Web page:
Strong magnets can be used for several things, from do-it-yourself crafts, to chemistry projects. A normal strength magnet is strong enough to hold a single piece of paper to the refrigerator. Strong magnets, however, are powerful enough to hold a 1/4-inch thick stack of 3-by-3-inch sticky notes to the refrigerator, or 20 pieces of notebook paper. Scientifically, magnet strength is measured by voltage produced within a magnetic field. Tesla is the unit measure of flux density, found in magnetic fields. A regular magnet measures .001 Tesla, while a strong magnet measures 10 Tesla.
Office supply stores typically carry strong magnets along with their regular-strength ones. Check package labels at stores like Staples, OfficeMax, and Office Depot to find strength levels and durability. You can also phone or search the store's website (Staples.com, OfficeMax.com, OfficeDepot.com) to find out what products they carry before making a trip to the store.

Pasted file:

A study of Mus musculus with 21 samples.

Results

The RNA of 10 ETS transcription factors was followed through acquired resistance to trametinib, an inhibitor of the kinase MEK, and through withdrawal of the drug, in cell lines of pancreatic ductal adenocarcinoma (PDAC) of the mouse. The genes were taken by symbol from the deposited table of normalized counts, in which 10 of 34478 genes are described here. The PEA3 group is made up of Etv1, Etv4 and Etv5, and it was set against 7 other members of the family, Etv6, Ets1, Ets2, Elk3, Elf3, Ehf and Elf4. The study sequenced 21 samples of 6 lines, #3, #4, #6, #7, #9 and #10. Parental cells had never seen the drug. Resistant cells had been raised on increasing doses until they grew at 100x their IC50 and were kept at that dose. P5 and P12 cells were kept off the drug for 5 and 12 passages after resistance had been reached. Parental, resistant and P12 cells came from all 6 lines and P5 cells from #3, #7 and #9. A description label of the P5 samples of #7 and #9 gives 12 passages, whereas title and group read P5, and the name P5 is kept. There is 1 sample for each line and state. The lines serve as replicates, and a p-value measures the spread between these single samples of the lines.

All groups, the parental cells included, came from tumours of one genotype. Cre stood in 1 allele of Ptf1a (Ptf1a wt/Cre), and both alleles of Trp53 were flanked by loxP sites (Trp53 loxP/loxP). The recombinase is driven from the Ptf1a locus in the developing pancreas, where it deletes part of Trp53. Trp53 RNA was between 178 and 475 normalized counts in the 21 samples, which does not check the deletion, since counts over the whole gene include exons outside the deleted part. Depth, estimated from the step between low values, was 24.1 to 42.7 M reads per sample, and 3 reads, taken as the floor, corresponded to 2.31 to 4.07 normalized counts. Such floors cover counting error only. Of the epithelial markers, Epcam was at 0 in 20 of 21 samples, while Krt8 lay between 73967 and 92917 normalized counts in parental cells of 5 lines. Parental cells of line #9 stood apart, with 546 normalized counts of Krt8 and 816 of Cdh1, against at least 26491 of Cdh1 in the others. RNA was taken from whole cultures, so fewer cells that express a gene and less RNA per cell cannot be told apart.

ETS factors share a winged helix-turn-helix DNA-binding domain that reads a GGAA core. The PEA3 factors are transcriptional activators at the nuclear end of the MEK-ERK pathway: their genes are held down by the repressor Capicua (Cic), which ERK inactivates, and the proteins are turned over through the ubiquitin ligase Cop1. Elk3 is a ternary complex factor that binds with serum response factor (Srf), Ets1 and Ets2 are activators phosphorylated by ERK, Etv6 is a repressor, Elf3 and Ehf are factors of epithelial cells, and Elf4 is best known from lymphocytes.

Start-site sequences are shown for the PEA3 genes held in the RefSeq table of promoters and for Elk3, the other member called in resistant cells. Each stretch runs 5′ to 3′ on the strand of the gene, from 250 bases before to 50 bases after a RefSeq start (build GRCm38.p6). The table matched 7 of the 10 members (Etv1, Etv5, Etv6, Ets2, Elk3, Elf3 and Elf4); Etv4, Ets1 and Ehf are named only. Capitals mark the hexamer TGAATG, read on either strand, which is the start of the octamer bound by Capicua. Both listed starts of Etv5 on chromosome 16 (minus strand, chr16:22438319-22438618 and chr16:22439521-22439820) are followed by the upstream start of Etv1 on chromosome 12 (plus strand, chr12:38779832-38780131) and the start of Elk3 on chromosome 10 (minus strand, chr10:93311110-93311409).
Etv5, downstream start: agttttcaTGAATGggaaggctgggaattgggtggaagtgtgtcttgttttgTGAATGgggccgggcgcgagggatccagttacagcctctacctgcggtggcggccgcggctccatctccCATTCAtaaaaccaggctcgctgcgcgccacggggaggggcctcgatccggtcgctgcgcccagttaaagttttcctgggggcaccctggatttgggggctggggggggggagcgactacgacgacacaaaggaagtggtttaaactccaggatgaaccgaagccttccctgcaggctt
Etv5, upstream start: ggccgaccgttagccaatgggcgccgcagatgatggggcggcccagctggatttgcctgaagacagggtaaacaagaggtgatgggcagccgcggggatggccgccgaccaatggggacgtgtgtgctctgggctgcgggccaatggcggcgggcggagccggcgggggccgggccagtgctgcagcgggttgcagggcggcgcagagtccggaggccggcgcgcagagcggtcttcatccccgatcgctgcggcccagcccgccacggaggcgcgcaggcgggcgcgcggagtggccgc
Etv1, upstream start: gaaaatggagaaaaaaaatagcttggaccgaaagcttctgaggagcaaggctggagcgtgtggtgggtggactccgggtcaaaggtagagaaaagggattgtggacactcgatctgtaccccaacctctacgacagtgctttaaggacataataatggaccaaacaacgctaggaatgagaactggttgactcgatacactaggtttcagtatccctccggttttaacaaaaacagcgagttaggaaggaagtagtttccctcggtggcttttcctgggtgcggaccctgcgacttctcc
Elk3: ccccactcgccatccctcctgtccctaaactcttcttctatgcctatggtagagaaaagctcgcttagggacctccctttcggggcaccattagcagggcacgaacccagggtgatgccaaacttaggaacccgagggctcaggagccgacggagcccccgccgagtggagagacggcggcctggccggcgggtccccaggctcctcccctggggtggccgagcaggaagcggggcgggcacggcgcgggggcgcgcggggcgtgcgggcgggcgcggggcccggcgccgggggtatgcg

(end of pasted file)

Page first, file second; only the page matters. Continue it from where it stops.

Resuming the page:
Most tool-supply and hardware stores also carry strong magnets, and can typically be found in the garage supply and workshop supply areas. These magnets are high-powered, and many times capable of holding a 1/4 inch stack of notecards to a refrigerator or filing cabinet.
Arts and crafts stores also offer a wide range of magnetic products. Ask a store associate where strong magnets are located, using the project you're working on to describe the strength you need.
Online retailers like Containerstore.com, Magnet4Less.com and Amazon.com offer magnets in a variety of strengths, and can many times be purchased at lower prices than the average retail selling price. Online tool-supply stores you can research include NorthernTool.com.
Price-compare websites like eBay.com, eCrater.com,and Buy.com offer magnets at very low prices, from a variety of sellers. Always remember to account for shipping costs when purchasing online.